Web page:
Labour’s Credibility on Education

Mea culpa, mea culpa, mea maxima culpa.

 

When someone in a position of power or influence makes a series of errors so calamitous, profound and grievous that they do real and lasting damage, and fails to ever acknowledge those mistakes or to make any kind of apology, one tends to disregard what they have to say on that particular topic in future. Think neo-conservatives on starting wars in the Middle East, the Labour Party on the economy and Dick Cheney on absolutely anything.

But when someone owns their past mistakes and appears to have learned from them and grown as a result, it is quite different. And so it is with the Labour Party and their approach to education policy while in opposition. Sure, they haven’t undergone a Road to Damascus conversion and mended their ways entirely – the suspicion that their preoccupation with equality of outcome lurks behind everything remains quite strong – but nonetheless I want to give credit where credit is due. And today, credit belongs to Tristram Hunt, Labour’s shadow Education Secretary.

This kudos comes on two fronts. Firstly, the Daily Mail reports that Hunt is repudiating some of Labour’s past educational priorities and actions whilst in government, in terms of pushing as many children as possible to just cross the “no longer an idiot” threshold for the benefit of statistics and league tables, but then failing to challenge them any further:

Labour created a culture of low expectations for state school pupils, Tristram Hunt, the shadow education secretary has admitted.

He said it was a ‘great crime’ that the last government had failed to pushed children more than simply aim for them to achieve a C grade at GCSE level.

He also admitted that exams had been dumbed down in recent years, saying ‘yes, there are elements of grade inflation’.

This is actually quite a significant admission from someone in the shadow cabinet, and the refreshing bravery deserves recognition. The enshrining of the “good” GCSE result as being a grade falling within the A* to C range has certainly created a perverse incentive to push as many laggardly students up into the bottom threshold whilst neglecting the needs of those who had the potential to achieve much more.

This willingness to look as past initiatives and admit mistakes in the field of education policy now makes Labour much more credible on this topic, and they have immediately stolen a march with their new proposal to license teachers in a bid to drive up professional standards. The Guardian reports:

In a sign of how Labour hopes to outflank education secretary Michael Gove on teaching standards, Hunt is to revive a plan the last government abandoned on the eve of the 2010 general election.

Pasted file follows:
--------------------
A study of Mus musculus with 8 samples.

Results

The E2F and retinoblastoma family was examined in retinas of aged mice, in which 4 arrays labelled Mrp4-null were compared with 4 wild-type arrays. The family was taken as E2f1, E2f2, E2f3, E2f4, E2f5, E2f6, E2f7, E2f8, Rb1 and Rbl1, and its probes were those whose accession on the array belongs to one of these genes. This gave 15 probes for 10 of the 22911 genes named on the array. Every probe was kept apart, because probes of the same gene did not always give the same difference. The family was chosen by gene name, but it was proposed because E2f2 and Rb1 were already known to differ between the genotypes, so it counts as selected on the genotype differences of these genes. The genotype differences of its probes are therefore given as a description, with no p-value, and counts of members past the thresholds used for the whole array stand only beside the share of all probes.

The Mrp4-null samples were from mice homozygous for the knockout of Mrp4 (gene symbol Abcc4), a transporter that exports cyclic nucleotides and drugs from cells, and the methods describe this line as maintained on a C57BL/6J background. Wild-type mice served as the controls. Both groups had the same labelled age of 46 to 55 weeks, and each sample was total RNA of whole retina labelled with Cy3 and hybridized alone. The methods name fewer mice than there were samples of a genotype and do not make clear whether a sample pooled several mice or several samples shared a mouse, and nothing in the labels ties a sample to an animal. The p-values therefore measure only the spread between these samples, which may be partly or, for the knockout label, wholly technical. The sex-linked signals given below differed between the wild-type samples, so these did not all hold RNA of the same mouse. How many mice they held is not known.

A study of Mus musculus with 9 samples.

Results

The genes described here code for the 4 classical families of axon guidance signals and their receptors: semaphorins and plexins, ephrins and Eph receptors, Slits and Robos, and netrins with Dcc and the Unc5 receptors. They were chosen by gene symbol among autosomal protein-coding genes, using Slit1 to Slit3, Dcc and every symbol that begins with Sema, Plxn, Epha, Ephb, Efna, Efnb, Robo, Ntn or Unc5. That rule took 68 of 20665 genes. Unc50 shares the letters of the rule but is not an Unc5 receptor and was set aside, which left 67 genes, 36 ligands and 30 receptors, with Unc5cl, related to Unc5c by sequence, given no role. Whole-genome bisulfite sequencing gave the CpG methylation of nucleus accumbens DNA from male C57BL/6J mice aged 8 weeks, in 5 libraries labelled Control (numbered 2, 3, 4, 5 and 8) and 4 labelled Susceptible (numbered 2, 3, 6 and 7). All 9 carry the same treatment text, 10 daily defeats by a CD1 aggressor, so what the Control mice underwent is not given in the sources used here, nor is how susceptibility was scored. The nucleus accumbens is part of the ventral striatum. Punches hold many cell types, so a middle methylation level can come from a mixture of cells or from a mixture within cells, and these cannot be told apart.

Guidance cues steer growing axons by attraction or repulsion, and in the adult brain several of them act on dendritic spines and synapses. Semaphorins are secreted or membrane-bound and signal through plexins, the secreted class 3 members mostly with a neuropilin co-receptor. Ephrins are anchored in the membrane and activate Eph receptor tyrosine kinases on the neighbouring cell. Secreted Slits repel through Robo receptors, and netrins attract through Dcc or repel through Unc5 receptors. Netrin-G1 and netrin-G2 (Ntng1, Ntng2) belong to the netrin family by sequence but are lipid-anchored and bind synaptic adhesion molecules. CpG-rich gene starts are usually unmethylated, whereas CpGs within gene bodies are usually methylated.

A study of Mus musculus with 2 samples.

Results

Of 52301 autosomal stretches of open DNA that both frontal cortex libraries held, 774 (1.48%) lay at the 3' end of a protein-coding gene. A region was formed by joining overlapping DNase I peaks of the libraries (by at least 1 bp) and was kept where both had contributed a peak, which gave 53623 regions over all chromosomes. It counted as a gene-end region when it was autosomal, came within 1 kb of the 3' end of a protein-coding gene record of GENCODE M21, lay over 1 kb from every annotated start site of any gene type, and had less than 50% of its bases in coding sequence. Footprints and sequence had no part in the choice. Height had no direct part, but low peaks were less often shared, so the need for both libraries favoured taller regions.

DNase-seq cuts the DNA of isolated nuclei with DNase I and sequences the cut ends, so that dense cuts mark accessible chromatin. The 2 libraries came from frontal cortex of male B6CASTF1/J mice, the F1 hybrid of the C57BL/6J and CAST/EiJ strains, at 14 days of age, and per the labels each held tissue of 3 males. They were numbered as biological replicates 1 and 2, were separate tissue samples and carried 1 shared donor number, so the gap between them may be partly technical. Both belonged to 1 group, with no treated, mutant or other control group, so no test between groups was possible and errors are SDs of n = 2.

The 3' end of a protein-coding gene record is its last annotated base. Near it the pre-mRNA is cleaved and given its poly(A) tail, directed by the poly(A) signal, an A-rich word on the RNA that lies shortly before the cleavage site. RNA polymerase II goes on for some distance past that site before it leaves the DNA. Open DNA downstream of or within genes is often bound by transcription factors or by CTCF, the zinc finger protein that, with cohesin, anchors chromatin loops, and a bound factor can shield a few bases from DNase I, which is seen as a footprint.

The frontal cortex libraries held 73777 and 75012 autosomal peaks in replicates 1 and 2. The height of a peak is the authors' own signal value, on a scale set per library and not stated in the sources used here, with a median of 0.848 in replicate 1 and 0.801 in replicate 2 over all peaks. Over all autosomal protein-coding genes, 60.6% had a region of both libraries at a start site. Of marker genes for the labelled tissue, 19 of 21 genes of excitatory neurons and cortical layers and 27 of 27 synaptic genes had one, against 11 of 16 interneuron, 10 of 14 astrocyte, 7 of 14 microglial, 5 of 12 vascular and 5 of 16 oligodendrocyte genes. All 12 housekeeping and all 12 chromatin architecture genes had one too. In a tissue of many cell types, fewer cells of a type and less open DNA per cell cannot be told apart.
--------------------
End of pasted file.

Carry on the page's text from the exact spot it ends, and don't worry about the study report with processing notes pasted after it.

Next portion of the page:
Teachers would have to show they are meeting the high standards and would be required to undergo training to update their skills.

Under Hunt’s plans, teachers would have their lessons assessed by other teachers in a system overseen by a new Royal College of Teaching.

As a society we often pay lip service to the importance of education and good teachers, but when it comes to standing behind that commitment, too often we have been found lacking. We claim to admire good teachers and value them, but do not compensate the best of them anywhere near adequately, and do not expect them to adhere to the professional codes of behaviour (as encapsulated by ongoing training and recertification) that are common in many other prestigious lines of work.

Indeed, Tristram Hunt goes on to make this very point:

Hunt insisted that his plans would raise the standing of the teaching profession. He said: “This is about growing the profession. This is about believing that teachers have this enormous importance. Just like lawyers and doctors, they should have the same professional standing which means relicensing themselves, which means continual professional development, which means being the best possible they can be.”

The fact that these proposals are coming from Labour and not the Tories also confers a immediate advantage in terms of winning backing from the teachers unions, which would be essential to their smooth rollout if ever the proposals became law.

And crucially, from a purely political perspective its puts the Conservatives in the awkward position of having to either reject a potentially very sensible proposal to improve educational standards, or to adopt it and face cries of plagiarism. Rather despairingly, one has to wonder why Michael Gove’s Department of Education didn’t manage to think up a policy proposal such as this on their own.

Outmanoeuvered.
Outmanoeuvred.

 

If Labour ever showed the wherewithal to perform a similar trick on the subject of economic stewardship – admitting their past fault for growing the state to unsustainable levels and proportions of national output, thus making the pain of the recession so much worse for those people more reliant on the government, and acknowledging that some rebalancing is not only necessary but desirable – then the Tories might really be in trouble.

But I imagine there is a greater chance of it snowing in hell than there is of Ed Balls following Tristram Hunt’s lead any time soon.